April 8, 2015

A major conservation effort is underway by an unprecedented partnership of conservation organizations, state and federal wildlife agencies, climate science centers and landscape conservation cooperatives in the Southeast. These groups are pooling resources to create the coordinated regional Southeastern Conservation Adaptation Strategy (SECAS).

SECAS will build upon conservation planning efforts to develop a vision and strategies needed to sustain fish and wildlife populations into the future with a changing landscape. Much of the scientific and technical information needed to undertake a conservation adaptation strategy will be provided by conservation partners that make up six landscape conservation cooperatives (LCCs), the region's Climate Science Center and other traditional and non-traditional partners.

The Gulf Coastal Plains and Ozarks Landscape Conservation Cooperative (GCPO LCC) is one of the six LLCs helping with moving the major strategy forward. In late March, the GCPO LCC Steering Committee met to discuss how to best move forward with their conservation planning. The theme of the meeting focused on "Charting a Course toward an Ecologically Connected Network of Lands and Waters." The purpose was to determine how the group could get from where they are currently in their planning efforts to SECAS 1.0 in the fall of 2016.

The experts agree that there is no doubt the GCPO LCC has come a long way and played a vital role since the SECAS was first introduced in 2011. The focus included how to connect their planning into a coherent strategy that seeks to define the future conservation landscape of the GPCO. And to help the partnership determine how far the group has come in their conservation efforts, as well as how far they have to go to define an ecologically connected network of lands and waters into the vision of SECAS.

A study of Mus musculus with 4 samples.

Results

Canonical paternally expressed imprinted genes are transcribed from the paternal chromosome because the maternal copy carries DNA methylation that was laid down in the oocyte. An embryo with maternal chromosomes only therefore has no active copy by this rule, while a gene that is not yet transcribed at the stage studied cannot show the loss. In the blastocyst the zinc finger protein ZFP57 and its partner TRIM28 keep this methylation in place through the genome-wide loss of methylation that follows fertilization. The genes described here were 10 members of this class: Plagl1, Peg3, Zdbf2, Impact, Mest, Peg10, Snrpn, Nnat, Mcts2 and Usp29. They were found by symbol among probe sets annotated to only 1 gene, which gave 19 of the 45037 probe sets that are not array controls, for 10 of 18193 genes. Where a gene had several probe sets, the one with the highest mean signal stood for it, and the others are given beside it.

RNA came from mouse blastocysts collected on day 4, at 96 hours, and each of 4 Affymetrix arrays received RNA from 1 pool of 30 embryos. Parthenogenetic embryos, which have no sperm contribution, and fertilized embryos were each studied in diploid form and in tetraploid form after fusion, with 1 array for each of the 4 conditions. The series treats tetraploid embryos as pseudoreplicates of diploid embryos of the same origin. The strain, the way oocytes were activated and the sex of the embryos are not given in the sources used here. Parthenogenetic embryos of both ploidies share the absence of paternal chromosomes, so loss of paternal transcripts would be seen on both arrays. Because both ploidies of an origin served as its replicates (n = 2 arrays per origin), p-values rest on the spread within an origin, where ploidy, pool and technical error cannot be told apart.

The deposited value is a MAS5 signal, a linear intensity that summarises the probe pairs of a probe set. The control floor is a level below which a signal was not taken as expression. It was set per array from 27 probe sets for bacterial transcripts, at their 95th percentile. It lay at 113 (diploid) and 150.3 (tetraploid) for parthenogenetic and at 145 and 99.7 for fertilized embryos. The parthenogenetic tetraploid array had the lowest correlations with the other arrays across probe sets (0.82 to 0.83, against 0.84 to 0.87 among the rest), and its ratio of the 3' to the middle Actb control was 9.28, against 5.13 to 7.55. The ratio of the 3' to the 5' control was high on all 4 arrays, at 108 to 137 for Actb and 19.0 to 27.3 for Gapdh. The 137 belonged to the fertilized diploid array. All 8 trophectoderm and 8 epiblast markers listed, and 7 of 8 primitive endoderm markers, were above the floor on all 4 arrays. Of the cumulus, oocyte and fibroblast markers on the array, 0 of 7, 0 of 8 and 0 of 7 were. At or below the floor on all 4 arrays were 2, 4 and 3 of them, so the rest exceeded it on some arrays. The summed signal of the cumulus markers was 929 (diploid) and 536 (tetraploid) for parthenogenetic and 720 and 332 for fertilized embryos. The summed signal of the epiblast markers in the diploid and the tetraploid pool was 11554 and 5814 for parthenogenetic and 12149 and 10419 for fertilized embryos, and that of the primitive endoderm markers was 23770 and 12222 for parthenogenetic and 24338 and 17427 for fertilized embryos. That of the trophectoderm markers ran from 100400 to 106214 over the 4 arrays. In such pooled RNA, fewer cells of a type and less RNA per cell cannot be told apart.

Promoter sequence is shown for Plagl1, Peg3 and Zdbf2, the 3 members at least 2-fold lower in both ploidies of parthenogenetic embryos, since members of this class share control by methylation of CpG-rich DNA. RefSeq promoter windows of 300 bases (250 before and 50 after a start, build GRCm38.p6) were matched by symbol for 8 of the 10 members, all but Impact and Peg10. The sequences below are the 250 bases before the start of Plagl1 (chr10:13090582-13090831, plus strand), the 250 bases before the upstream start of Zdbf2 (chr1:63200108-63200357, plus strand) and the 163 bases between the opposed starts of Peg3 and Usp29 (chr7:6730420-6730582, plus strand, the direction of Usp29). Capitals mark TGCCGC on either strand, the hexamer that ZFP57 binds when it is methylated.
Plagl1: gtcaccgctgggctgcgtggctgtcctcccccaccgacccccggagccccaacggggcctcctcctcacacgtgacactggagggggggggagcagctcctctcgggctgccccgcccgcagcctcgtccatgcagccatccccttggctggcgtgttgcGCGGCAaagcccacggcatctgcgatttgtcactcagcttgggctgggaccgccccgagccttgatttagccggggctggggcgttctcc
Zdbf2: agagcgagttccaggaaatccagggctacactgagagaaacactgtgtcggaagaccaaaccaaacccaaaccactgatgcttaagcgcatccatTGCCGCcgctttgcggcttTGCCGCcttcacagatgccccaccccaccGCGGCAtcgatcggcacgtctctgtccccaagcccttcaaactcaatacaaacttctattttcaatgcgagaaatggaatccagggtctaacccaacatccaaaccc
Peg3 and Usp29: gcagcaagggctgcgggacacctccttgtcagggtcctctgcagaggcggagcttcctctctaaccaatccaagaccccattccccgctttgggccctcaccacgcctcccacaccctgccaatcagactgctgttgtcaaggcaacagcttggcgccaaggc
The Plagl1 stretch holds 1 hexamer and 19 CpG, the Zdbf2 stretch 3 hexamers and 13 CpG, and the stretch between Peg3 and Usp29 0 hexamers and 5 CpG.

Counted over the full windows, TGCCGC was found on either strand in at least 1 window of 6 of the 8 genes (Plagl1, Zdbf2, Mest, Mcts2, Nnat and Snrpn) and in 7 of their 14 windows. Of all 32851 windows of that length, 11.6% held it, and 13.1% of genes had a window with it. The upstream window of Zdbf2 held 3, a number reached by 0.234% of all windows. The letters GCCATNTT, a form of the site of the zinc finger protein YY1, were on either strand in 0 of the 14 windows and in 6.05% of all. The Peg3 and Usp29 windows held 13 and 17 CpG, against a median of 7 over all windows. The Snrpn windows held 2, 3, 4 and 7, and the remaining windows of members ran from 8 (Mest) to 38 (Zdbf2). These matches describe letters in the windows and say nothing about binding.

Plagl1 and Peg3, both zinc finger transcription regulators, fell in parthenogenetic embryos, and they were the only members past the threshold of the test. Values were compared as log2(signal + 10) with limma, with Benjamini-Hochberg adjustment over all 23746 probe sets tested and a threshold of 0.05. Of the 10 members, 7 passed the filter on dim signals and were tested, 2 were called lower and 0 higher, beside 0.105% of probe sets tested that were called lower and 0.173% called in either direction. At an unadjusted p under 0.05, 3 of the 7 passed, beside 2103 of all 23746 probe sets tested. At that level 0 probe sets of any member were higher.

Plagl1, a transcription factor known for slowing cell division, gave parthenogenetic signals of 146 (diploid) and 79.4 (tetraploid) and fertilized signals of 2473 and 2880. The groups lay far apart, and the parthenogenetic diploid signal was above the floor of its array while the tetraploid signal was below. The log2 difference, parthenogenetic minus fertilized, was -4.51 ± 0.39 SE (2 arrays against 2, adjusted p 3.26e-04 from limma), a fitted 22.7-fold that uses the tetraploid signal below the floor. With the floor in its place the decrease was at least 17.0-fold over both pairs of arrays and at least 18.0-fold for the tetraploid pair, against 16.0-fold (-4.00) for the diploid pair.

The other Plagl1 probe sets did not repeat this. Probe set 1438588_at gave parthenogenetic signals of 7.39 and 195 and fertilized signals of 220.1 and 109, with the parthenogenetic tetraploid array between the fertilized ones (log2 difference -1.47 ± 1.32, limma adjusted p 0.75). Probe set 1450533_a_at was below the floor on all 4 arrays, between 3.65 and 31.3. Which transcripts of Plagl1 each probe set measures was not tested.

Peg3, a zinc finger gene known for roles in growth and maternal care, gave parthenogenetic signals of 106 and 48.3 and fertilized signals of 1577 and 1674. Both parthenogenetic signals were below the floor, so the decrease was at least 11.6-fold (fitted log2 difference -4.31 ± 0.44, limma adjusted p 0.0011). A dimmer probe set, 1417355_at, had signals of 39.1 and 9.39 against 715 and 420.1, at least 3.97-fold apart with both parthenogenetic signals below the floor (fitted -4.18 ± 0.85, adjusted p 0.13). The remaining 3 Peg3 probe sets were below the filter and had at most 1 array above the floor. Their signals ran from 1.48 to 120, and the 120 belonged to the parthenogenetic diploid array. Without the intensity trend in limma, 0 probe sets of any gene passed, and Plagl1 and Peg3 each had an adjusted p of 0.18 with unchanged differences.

The discussions in the committee meeting focused on three major themes.

  • Bridging the GCPO LCC process to define an ecologically connected network of lands and waters within the 180-million-acre, 12 state LCC geography with similar efforts occurring in neighboring LCCs to form a unified SECAS vision. 
  • The second and third themes included focusing on two priority Southeastern ecological systems: open pine and coastal marsh systems, which are prioritized in the majority of LCCs in the Southeast. 
The teams' work produced a detailed overview of their ecological assessment accomplishments, funded projects associated with those systems and a discussion on what it would take over the next 18 months to visualize a network of lands and waters for those systems. Finally, the meeting focused on integrating the monitoring of landscape change and its priority biological resources into LCC activities, as well as incorporating it into the larger SECAS vision. Lest not to forget the important role the LCC partnership can and should have in monitoring and bridging connections with other monitoring efforts in the Southeast, such as the Southeast National Wildlife Refuge Inventory and Monitoring Network.

Forty professionals interacted with an excellent line-up of presentations, participated in an informative field tour of open pine management on the Sam D. Hamilton Noxubee National Wildlife Refuge, and shared experiences and ideas during the networking and partnership building segment of the meeting, all of which aligned with the LCC vision.